Long considered the first American impressionist, Theodore Robinson was born in Irasburg, Vermont, but spent most of his childhood in the rural Midwest, predominantly Wisconsin. Robinson’s formal art education began at the Art Institute of Chicago (1869–1870) and continued at the National Academy of Design in New York (1874–1876), where he was one of the founders of the Art Students League. In 1876 he journeyed to Paris and entered the atelier of the academician Carolus-Duran but later moved to the École des Beaux-Arts to study with Jean-Léon Gérôme. In the fall of 1879, Robinson moved to Venice; here he was befriended by American expatriate artist James Abbott McNeill Whistler, who had a great influence on him. Robinson returned to the United States in December of that year and began to work as a mural painter for public and private buildings in New York and Boston. By spring 1884 Robinson had earned enough money to return to France. With Paris as his home base, Robinson was able to travel to surrounding artistic sites including Barbizon and Dieppe, and to go to Holland. In 1887 he began his sojourns in Giverny, a village on the Seine where Claude Monet had established his home and studio, and he returned to that village every spring and summer for the next five years.
Although Monet generally avoided the many foreign artists who came to Giverny, he and Robinson became close friends.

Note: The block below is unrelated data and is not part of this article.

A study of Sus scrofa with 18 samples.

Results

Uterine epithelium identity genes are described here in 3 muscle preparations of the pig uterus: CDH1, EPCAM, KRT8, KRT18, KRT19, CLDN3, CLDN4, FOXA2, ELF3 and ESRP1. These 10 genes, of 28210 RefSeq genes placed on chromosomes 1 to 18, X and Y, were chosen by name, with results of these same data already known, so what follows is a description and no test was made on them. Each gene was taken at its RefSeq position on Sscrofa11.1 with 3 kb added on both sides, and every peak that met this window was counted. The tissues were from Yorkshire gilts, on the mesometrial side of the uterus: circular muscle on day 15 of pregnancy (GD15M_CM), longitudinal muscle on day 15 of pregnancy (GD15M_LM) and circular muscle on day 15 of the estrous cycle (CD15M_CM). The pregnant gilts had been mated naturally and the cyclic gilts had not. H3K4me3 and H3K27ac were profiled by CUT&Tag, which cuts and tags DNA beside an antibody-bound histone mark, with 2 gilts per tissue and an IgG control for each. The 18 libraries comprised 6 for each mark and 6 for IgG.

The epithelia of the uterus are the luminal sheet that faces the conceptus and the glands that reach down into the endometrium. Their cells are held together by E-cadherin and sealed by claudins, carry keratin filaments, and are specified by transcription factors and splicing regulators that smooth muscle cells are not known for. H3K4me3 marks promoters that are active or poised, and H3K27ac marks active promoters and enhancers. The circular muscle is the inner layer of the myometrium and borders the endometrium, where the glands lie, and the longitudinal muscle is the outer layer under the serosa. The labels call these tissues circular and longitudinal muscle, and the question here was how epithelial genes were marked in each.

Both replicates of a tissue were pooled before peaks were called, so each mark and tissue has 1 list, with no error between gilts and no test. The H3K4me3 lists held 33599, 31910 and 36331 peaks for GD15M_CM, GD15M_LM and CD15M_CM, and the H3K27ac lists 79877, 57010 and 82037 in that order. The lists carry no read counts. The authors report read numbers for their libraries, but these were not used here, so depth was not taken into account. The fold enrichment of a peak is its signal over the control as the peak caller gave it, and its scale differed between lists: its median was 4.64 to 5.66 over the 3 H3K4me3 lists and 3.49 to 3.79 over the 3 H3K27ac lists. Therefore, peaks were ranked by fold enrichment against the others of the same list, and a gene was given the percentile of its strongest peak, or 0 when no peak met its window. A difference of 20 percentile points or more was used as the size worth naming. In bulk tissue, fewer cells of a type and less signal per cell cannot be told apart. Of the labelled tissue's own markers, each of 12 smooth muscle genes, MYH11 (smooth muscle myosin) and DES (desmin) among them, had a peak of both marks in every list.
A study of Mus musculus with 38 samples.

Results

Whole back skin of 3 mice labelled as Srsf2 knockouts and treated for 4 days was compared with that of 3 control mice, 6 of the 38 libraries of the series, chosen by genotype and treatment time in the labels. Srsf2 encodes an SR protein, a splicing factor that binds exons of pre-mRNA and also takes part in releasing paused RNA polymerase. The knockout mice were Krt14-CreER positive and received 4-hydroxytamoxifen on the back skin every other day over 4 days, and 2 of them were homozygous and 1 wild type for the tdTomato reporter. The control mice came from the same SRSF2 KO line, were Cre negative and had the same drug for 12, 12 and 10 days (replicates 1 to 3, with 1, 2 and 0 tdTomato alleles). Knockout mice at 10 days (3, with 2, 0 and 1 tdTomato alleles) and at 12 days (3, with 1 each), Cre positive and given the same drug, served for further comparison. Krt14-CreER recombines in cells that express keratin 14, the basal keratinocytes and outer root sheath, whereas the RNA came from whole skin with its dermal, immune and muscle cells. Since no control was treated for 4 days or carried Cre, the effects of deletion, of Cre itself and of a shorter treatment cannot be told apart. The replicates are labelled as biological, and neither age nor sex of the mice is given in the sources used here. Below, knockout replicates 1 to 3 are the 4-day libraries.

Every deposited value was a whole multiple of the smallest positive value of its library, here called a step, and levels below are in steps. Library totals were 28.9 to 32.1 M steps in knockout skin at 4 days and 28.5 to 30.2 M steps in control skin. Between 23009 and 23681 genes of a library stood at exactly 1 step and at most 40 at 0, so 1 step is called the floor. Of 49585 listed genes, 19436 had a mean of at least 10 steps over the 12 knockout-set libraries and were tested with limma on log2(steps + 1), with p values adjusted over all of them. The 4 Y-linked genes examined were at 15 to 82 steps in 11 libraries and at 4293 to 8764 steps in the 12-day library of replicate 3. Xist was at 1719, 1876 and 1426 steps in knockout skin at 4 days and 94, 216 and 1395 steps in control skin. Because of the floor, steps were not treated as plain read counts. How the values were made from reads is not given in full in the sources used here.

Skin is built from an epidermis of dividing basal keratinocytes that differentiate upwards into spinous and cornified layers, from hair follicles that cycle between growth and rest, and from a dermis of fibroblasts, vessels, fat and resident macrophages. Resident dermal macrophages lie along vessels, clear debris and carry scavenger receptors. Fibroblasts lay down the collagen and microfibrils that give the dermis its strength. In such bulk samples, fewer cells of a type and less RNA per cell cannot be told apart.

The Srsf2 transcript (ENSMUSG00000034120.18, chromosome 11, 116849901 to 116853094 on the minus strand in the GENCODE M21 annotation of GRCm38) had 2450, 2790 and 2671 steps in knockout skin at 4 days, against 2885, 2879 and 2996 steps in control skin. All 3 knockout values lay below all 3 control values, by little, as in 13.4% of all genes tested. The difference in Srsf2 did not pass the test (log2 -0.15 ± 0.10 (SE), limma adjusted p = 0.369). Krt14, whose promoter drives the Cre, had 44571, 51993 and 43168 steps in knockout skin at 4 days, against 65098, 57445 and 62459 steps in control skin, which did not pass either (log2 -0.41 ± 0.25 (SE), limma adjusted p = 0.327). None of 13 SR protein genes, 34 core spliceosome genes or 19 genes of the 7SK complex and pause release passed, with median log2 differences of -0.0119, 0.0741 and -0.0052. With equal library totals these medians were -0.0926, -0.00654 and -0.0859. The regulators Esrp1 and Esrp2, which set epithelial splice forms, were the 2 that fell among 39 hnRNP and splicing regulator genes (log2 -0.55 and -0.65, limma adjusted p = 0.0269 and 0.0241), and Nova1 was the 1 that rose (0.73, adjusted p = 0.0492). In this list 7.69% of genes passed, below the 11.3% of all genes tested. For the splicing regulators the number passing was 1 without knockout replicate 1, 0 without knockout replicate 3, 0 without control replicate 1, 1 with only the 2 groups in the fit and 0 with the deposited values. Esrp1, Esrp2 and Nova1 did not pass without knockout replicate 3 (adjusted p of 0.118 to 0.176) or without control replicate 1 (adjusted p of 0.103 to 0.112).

Like Monet, Robinson painted figure compositions and landscapes and also explored the concept of sequential images in a series of panoramic views of Giverny. During his Giverny period, Robinson continued to make trips back to New York, where he maintained friendships with Twachtman and Weir, and through them served as a conduit for the dissemination of Impressionist precepts in the United States. Duncan Phillips proclaimed that Robinson’s style “used the broken tones of Monet but refined the method and made it subtle and sensuous.”
To supplement his income, Robinson began teaching during the summers in Napanoch, New York, and later in a succession of teaching positions in New Jersey. In February 1895 Macbeth Gallery in New York gave him his first solo exhibition. Robinson died the next year during an acute asthma attack, an illness that had plagued him his entire life. Five of his paintings were lent posthumously to the 1913 Amory Show, in which he and Twachtman represented American impressionism.